The pride of Boston Harbor and right into the age of Supercarriers and guided missile cruisers, the U.S.S. Constitution is still the U.S. Navy’s flagship. And she was guided overnight into the 418-foot Charlestown Navy Yard drydock, the second oldest in the nation, for a two-year restoration and repair, all aimed at lifting her back to her original condition in the glory days of the War of 1812.
A ship’s historian with the Naval History and Heritage Command says they will be relying on old records, journals from the era and a very good 1812 model from the Peabody Essex Museum, made by Constitution sailors of that era.
The three-masted frigate that vanquished four British warships during that 1812 war is far from fragile – her 21-inch oaken hull is what earned her that nickname Old Ironsides – but her drydocking will entail some delicate operations, such as being certain she rests straight and securely on underwater blocks. There will be divers in the 30 feet of water to help insure that.
The drydocking operation involved a tug boat and about 150 dockside civilian workers from the Portsmouth Naval Shipyard. It was conducted at extreme high tide beginning at 10:20 p.m. Monday and was expected to take until about 2 a.m. There were some local spectators who’d come out, a couple with American flags, who viewed this as a patriotic event they didn't want to miss – even if it took all night. Meanwhile, they could seek shelter – and knowledge – inside the Constitution Museum, a massive granite building right alongside the drydock. The museum was going to be open all night.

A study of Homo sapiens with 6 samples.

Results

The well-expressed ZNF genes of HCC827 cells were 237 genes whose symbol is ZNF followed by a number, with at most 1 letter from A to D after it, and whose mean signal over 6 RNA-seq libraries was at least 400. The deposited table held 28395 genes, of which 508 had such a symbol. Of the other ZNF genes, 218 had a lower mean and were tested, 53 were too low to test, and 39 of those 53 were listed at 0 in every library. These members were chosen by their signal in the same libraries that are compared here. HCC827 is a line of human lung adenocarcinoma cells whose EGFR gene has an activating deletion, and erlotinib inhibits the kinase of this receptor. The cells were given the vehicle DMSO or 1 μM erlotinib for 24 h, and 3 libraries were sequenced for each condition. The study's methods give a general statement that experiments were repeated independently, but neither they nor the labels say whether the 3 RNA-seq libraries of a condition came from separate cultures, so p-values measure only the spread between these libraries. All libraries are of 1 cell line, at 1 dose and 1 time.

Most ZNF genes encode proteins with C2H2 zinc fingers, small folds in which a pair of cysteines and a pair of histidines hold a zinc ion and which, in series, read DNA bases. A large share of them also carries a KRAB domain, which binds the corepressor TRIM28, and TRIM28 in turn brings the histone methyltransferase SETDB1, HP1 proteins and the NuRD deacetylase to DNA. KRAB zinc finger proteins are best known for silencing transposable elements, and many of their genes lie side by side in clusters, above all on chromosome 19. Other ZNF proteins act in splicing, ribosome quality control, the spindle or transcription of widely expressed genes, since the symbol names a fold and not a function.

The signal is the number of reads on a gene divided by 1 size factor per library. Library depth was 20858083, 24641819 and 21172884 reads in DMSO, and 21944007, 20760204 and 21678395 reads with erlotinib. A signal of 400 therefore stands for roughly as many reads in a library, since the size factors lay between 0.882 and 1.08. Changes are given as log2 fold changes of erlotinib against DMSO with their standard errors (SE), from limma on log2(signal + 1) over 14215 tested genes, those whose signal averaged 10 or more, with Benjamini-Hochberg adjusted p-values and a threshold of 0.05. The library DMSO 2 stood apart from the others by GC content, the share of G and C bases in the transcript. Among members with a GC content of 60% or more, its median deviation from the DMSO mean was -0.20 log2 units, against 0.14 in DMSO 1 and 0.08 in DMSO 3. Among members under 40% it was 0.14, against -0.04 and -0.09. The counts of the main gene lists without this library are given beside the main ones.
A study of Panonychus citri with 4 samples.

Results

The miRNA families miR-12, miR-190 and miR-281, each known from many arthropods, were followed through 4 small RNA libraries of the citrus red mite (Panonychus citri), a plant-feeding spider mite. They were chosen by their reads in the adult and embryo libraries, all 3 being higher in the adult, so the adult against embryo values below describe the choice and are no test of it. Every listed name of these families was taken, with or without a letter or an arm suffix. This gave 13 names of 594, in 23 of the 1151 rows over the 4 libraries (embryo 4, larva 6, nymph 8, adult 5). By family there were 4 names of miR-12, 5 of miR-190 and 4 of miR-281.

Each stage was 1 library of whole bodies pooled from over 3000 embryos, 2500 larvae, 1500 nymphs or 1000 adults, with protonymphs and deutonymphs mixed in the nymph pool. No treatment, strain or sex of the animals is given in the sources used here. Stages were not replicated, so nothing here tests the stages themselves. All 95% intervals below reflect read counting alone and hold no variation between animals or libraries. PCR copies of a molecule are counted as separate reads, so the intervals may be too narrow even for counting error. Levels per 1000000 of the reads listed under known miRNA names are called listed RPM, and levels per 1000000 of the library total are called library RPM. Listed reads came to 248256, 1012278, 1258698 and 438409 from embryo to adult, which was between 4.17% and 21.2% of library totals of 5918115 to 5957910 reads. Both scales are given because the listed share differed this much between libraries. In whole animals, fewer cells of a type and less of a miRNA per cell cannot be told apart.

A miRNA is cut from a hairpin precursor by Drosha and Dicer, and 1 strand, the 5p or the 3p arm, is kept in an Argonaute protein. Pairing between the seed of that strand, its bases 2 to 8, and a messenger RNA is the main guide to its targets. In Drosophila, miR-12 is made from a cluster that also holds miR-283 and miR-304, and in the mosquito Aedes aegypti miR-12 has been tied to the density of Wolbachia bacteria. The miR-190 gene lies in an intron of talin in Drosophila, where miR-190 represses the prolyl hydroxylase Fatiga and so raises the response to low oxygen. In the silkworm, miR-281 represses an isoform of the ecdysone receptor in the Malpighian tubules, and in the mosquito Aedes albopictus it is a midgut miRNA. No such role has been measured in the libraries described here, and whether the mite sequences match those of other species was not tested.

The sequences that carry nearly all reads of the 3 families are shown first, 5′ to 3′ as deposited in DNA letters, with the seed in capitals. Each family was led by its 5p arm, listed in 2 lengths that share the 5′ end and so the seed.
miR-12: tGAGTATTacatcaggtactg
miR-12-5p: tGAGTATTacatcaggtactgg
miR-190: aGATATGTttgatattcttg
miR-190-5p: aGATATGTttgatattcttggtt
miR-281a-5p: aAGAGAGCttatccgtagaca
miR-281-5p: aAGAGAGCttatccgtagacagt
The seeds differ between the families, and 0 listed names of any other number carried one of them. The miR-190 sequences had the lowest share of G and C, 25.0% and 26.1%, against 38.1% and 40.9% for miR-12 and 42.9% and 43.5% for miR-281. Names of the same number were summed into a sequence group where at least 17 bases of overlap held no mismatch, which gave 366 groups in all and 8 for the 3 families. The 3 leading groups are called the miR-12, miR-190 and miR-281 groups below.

The whole process is costing about 13 million dollars, according to Naval public information representatives. But the nation’s most famous ship – the oldest commissioned warship in the nation – will be more seaworthy and secure and will have 3400 feet of new copper sheeting on her hull, one sheet signed by shipyard visitors.
She’ll be in drydock until September, 2017- but the top deck will still be open to visitors. And the museum has such fun items as an axe used to chop down trees for the original construction.